This family estate is under new management, and its track record for excellence is in good hands
The kids kept the old foudres, moving them into the new cellar.
Photo by: James Molesworth
The kids kept the old foudres, moving them into the new cellar.

Posted: Jul 7, 2017 12:10pm ET

The Michel siblings, Claire Fabre, 34, and her brother François Michel, 28, have taken the reins at Le Vieux Donjon from their father, Lucien, who piloted this estate to one of the most consistent track records in Châteauneuf-du-Pape. For background, reference my 2009 visit here.

With their parents officially retired, the kids opened up a new tasting room and winery facility in 2013, on the road to Courthézon, just as you leave Châteauneuf. "So my parents have some quiet now in their home," says François. "But of course, they still keep an eye over our shoulders."

Claire (whose husband, Adrien Fabre, runs Domaines de l'Echevin and La Florane) started in 2008, and she handles the business side of the operation, while François came on board in 2012, running the vineyard. And they combine their efforts to make the wine, as both are trained enologists, Claire in Toulouse and François in Montpellier.

A few acres of vines on sandy soil between Rayas and Cristia was added in 2012, bringing the domaine to 40 acres in total, all in Châteauneuf.

"And we still make just one red, one white—no cuvées," says François, espousing his father's philosophy.

The house style remains intact here. The structured red brims with a telltale juniper note; the white is fresh and precise. The siblings have inherited a domaine in prime condition, with an average vine age of 60 years, ranging from a single block of 3-year-olds to vines hitting age 100.

The 2016 Châteauneuf-du-Pape White was bottled in January. There are just 300 cases, as only about 2 acres of the domaine are committed to whites, but François is adding more going forward. "Demand for white is really growing, especially in the last five years," he says. "I think cooler vintages such as '12 and '13 have helped open some people's eyes to the whites here. Plus, we are getting better technically with the whites in general in Châteauneuf."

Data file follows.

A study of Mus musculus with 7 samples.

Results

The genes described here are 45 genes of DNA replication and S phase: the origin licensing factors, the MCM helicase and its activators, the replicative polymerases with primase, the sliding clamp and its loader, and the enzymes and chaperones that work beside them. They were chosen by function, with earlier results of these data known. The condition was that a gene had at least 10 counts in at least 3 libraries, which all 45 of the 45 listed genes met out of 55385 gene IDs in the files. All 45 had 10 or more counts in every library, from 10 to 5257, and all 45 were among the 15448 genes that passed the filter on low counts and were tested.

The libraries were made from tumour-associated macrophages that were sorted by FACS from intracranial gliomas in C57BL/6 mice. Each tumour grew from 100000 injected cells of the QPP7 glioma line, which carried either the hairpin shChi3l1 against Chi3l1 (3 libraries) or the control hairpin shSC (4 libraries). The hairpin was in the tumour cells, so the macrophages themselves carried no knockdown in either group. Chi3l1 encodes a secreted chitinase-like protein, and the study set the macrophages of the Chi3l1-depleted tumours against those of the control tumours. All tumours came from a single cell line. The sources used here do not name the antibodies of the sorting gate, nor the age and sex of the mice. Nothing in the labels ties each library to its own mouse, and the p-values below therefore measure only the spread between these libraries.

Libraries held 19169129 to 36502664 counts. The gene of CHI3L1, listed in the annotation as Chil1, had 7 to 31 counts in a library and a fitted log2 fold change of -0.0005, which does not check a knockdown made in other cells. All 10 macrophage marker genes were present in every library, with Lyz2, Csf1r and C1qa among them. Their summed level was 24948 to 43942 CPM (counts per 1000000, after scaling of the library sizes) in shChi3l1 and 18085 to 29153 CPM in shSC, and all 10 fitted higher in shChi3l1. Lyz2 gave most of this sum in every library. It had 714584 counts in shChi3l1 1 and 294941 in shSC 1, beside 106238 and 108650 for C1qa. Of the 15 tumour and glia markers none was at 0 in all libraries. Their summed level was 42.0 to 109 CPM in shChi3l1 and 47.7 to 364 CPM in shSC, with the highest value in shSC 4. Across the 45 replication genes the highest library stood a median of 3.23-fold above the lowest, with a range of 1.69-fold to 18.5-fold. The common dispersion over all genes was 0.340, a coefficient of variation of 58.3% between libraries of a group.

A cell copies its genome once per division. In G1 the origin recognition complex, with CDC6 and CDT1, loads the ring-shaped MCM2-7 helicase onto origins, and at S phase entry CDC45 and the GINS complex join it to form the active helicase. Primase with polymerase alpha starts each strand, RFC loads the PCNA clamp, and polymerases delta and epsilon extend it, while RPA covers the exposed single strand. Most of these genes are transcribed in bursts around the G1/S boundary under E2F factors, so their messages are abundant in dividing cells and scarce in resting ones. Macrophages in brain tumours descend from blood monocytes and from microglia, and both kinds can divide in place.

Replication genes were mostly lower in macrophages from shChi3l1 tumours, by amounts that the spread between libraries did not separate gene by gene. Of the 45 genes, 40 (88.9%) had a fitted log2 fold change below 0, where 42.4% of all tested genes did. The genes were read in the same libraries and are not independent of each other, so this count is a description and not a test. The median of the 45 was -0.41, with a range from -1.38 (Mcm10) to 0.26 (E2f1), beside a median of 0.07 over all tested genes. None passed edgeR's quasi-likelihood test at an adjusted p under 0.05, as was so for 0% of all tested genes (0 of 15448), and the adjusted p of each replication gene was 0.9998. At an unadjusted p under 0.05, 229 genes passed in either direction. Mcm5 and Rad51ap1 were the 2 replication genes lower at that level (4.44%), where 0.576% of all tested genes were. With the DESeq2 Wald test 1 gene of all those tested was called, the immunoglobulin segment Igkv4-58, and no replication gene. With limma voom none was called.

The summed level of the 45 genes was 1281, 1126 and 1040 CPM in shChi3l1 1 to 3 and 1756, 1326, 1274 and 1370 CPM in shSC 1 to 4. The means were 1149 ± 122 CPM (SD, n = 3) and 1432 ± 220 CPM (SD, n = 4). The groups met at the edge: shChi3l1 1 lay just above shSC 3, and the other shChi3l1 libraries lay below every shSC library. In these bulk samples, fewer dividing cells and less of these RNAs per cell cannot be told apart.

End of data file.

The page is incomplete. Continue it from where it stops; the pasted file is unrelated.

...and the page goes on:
The 50/50 Clairette and Roussanne blend is vinified in stainless steel and never sees any oak. The grapes are picked a little earlier now than in the past, along with a lower fermentation temperature to maintain freshness. The result is a wine with a beautiful creamy feel while white peach, chamomile and green almond notes stream through a long and pure finish that has a lingering mirabelle note.

The yield here for the red grapes was a robust 2.4 tons per acre in 2016, approaching the AOC maximum of 2.57 tons. That means you'll be able to easily find some of the 2016 Châteauneuf-du-Pape, which is the usual 75/10/10/5 blend of Grenache, Syrah, Mourvèdre and Cinsault. There's been one tweak here, with 20 percent of the wine being aged in concrete, rather than entirely in foudre.

"Concrete protects the fruit a bit more. In comparison, a foudre softens the tannins a bit more than concrete, adding the garrigue notes," says François.

The wine shows a gorgeous juniper nose, with bay, lavender and rosemary notes streaking through, while the core of dark cherry and red currant fruit waits in reserve. It has taut sanguine and iron notes underscoring the lengthy finish, which has solid, racy grip.

"The winemaking isn't changing much," says François. "The most change is in the vineyards, switching to sustainable farming mainly as we are now working organically, but not certified. I want to hold out just in case of a very difficult year like 2002, should I need to keep the vines healthy. But in years like 2015 and 2016 and it's easy, we are organic."

"2016 was very hot and dry, so I was a little concerned about having wines like 2003. But the nights were cool, which was the main difference," he says. "And some rain in early September, right before harvest, stopped the alcohol from racing ahead. That helped save the vintage. 2015 is fresher, lower alcohol and better acidity. 2016 is richer, sexier, more expressive. I'm not sure if it will be the long aging one though. I think I prefer 2015 overall even though 2016 is showing better now. It's a great comparison with 2009 and 2010 for example."

The 2015 Châteauneuf-du-Pape, just bottled, is very expressive, with bright juniper and bay notes leaping out, backed by juicy red and black currant fruit, a hint of damson plum and then lots of white pepper, lavender, iron and tobacco lining the finish.

It would seem the kids are all right …

Follow James Molesworth on Twitter, at twitter.com/jmolesworth1, and Instagram, at instagram.com/jmolesworth1.